Your area and Oriental rugs are an investment.
You chose them carefully for a specific space, or maybe you have a beautiful Oriental rug that was passed down from an older family member.
Old, new, or somewhere in-between, your rugs need care to stay looking like new and to last a long, long time.
And part of that care is knowing the RIGHT way to vacuum.
I know what you’re thinking.
“There’s a WRONG way to vacuum my rugs?”
Yes, indeed. But don’t worry – we’ve got a demonstration that shows you exactly what to do.
(It’s not hard and there will not be a quiz afterward.)
Watch the video now and start changing up your vacuum strategy to give your rugs the best life possible.
Keep reading after the video for the full transcript, in case you like to imagine things instead of watching them actually happen like most normal people.
Area rug vacuuming demonstration
Today, we’re taking time to talk about the cleaning and care of Oriental area rugs. Primarily, vacuuming and what you can do in your home.
Many times, dry soils and sharp particles can get down into the backing, down close to the foundation fibers and when they’re there, they can cause cutting and damage that will actually wear out the fibers.
When it comes to your choice of the vacuum to use, there are canister vacuums and upright vacuums. Canister vacuums are nice because, many times, we can turn the beater bar and beater brush attachment on or off. If we’re going to be using an upright vacuum, we would want to choose the type of vacuum that has the beater bars as opposed to the brush.
When we’re setting and making the adjustment, on an area rug, we want them to come just in contact with the face fiber because we don’t want too much aggression, but we want the action against the face fiber so as to remove that dry particulate soil.
Our first step would be to take the rug, if possible, and turn it over on its back side. Running the vacuum back and forth over the rug from the back side allows the vibrations to drop soils out of the face fibers onto the floor below.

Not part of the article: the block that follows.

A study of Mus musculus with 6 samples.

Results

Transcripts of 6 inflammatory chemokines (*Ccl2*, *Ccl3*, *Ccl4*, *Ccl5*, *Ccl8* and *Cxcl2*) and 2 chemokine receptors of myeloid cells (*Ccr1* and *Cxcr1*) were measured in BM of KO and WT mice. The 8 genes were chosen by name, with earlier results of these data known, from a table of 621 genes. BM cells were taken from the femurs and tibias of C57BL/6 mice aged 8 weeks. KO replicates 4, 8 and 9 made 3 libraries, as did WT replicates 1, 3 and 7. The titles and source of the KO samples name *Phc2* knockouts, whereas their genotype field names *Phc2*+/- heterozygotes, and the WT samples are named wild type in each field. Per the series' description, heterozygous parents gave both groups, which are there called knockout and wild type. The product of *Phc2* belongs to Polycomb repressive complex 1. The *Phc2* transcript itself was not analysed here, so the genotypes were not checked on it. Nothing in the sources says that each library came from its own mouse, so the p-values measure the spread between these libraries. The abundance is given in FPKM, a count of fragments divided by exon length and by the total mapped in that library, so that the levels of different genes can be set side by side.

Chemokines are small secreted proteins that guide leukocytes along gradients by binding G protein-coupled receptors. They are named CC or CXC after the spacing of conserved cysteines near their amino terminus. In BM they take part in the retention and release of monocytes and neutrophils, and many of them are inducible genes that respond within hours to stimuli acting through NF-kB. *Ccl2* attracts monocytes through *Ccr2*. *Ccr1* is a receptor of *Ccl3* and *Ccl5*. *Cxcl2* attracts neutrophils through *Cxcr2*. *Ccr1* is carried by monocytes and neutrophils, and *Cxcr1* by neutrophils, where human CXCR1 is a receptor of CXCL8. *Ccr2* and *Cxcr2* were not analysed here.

We want to be careful to not to leave the vacuum sitting in one place too long so as not to cause any damage. When working along the fringes, we want to go sideways, being careful not to damage the fringe or the surged edges of the rug. For a rug that has not had the vacuuming from the back side done in quite a while, it can take several cycles, perhaps, for all of this to be accomplished properly.
So, we’re going to take the rug now and turn it over on the face side. You’ll be able to see that soil that has gathered on the floor below, and we can sweep that up so that they’re not on the floor when it comes time to turn the rug face-side up. As you can see, we’ve gathered quite a bit from just this one small rug.
When preparing to vacuum the face of the rug, it’s a good idea to make sure that the beater bar or brushes are raised up a little bit so that they’re not too aggressive on the face fibers. Then, when we do the vacuuming, we want to take the rug and the vacuum and go side-to-side. We want to vacuum thoroughly, but we want to avoid catching the fringes.
Damage to the fringe is one of the most common needs for repair and replacement. Once we’ve done this in both directions, side-to-side, the vacuuming of the face fiber would be complete.
The frequency of the vacuuming necessary may depend a lot on where the rug is located in the home. As an example, a rug of this nature, in an entryway, may need to be vacuumed once a week. If it’s in a further point in the house, say an upstairs bedroom, maybe every other week. But remember that frequent care and proper care of the fine Oriental and area rugs in your home can extend the life of that rug from any generation.